Why the Nintendo Switch 2 needs to be quirky and not play it safe

Nintendo Switch
Should the Switch 2 embrace innovation or evolution?

A reader explores the pros and cons of Nintendo making the Switch 2 an evolution of the current console or something completely different.

As a lifelong Nintendo gamer, I’m eagerly anticipating the Switch’s successor. It’s been incredible to see Nintendo’s hybrid achieve its level of success and, in my opinion, it could be argued that it is the greatest console of all time.

While nothing is known beyond the rumour mill, when it comes to Nintendo’s next console, many analysts believe the Japanese manufacturer needs to play it safe with the next generation – stick to what works with the Switch and give it a little more power. I’ve been nodding along to this sentiment.

As a console gamer, the Switch gave me back my gaming life at an age in which kids’ TV shows rule the screen in our house. And the output has been phenomenal, with excellent additions to the Mario and Zelda franchises, as well as plenty of third party surprises. I never expected to be able to play Red Dead Redemption when the console first arrived in 2017. Not to mention The Witcher 3 and Bioshock!

Why take the risk? After all, the last time Nintendo departed somewhat from the previous generation, we wound up with the Wii U, which flopped commercially. It was also the first generation of Nintendo’s home console that I skipped since childhood, with no real killer app to justify the machine’s purchase.

As it happens, the Wii U’s greatest hits are almost all available for the Switch, rendering the previous generation of Nintendo somewhat null and void (I did have fun with Nintendo Land at a mate’s house, the few times we played it).

The Switch, at first, seemed like a gimmick, with its handheld screen and TV-connected dock. A combination of the home consoles and handhelds that the Big N was famous for producing in tandem. But what’s emerged is a console that works well in both formats and possesses a solid software library. A new version boasting more of the same with better graphics and the ability to run PlayStation 4 era games would be day one purchase for myself and many others.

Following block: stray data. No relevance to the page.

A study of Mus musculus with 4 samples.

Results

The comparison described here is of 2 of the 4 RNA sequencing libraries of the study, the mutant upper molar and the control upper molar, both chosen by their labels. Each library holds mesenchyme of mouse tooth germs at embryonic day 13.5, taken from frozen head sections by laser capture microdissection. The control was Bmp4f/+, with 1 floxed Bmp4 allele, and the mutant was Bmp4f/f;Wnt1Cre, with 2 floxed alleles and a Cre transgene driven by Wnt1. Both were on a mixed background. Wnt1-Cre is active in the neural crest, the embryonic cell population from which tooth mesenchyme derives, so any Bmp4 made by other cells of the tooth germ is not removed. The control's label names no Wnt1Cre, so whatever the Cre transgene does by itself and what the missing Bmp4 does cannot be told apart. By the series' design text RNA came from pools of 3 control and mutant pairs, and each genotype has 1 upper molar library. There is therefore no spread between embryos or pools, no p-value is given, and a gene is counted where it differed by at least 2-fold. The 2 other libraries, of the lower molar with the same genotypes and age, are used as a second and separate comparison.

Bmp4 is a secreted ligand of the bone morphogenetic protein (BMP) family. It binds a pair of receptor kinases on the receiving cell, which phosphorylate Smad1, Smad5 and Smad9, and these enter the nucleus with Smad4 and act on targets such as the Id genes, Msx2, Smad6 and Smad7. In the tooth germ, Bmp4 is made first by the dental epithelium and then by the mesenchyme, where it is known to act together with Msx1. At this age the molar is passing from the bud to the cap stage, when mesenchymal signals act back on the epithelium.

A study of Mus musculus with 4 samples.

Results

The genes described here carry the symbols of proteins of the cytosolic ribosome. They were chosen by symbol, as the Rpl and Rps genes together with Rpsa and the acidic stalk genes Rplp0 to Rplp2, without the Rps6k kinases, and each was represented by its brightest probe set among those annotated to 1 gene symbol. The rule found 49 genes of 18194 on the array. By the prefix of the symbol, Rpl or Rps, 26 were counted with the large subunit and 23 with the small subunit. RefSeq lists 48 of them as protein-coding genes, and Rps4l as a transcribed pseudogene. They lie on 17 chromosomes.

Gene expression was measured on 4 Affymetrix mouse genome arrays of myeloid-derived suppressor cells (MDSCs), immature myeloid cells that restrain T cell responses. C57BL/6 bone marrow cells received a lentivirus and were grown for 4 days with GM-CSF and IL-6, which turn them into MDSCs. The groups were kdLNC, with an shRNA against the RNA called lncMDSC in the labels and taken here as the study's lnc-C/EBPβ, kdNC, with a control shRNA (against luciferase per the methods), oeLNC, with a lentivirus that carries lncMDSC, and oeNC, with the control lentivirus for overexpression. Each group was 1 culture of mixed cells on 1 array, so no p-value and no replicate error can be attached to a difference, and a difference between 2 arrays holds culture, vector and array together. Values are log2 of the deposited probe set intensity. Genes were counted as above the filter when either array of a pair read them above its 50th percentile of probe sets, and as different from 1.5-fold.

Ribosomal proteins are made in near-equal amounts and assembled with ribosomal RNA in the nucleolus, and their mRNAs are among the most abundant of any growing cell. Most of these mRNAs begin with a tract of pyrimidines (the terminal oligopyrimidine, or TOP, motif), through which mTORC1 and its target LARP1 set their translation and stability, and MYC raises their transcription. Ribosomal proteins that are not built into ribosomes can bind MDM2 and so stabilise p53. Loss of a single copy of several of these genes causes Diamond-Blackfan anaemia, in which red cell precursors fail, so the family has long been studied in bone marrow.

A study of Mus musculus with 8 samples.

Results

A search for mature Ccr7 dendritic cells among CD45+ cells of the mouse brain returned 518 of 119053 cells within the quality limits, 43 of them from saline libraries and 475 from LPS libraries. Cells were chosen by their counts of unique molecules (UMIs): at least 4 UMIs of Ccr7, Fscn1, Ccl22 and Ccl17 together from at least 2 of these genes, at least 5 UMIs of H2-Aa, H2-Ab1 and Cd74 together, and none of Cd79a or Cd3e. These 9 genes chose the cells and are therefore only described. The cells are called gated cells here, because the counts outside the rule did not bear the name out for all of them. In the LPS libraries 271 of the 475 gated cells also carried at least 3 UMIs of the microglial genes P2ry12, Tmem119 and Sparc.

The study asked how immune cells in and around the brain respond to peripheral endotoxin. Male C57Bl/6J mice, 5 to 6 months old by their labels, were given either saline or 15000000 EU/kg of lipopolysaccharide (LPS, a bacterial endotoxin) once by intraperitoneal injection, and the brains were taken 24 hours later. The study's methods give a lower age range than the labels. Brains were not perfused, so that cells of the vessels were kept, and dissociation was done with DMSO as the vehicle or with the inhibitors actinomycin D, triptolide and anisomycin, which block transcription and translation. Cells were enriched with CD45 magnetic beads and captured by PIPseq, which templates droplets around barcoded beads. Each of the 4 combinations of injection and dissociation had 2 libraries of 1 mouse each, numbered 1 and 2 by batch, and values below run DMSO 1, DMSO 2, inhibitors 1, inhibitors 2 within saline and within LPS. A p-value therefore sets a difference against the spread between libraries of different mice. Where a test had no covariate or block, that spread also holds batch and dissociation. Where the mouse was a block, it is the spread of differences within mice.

However, there’s a small part of me that would love to see Nintendo come out with something completely unexpected again. The most exciting technological developments, in my mind, have come when first faced with an image of the Wii remote rather than a typical gamepad or the Nintendo DS, which provided not one but two screens for double the fun. Oh, and the bottom one was a touchscreen to offer new ways to play. How innovative!

Whether it was a triple-pronged controller or a small purple box with a lunchbox handle on the back, Nintendo shines best when offering something quirky and unlike the rest of the competition. And with rumours of new portable/hybrid consoles on the horizon, now is surely not the time to be complacent when they’ve led the way this far.

When Nintendo unveils its next piece of hardware between now and next April, I’ll be pleased with an upgraded version of what we have now. But I would be lying if I said I wouldn’t be thrilled to see something that causes jaws to drop.

By reader James

Nintendo Switch OLED
How different should the next console be? (Nintendo)

The reader’s features do not necessarily represent the views of GameCentral or Metro.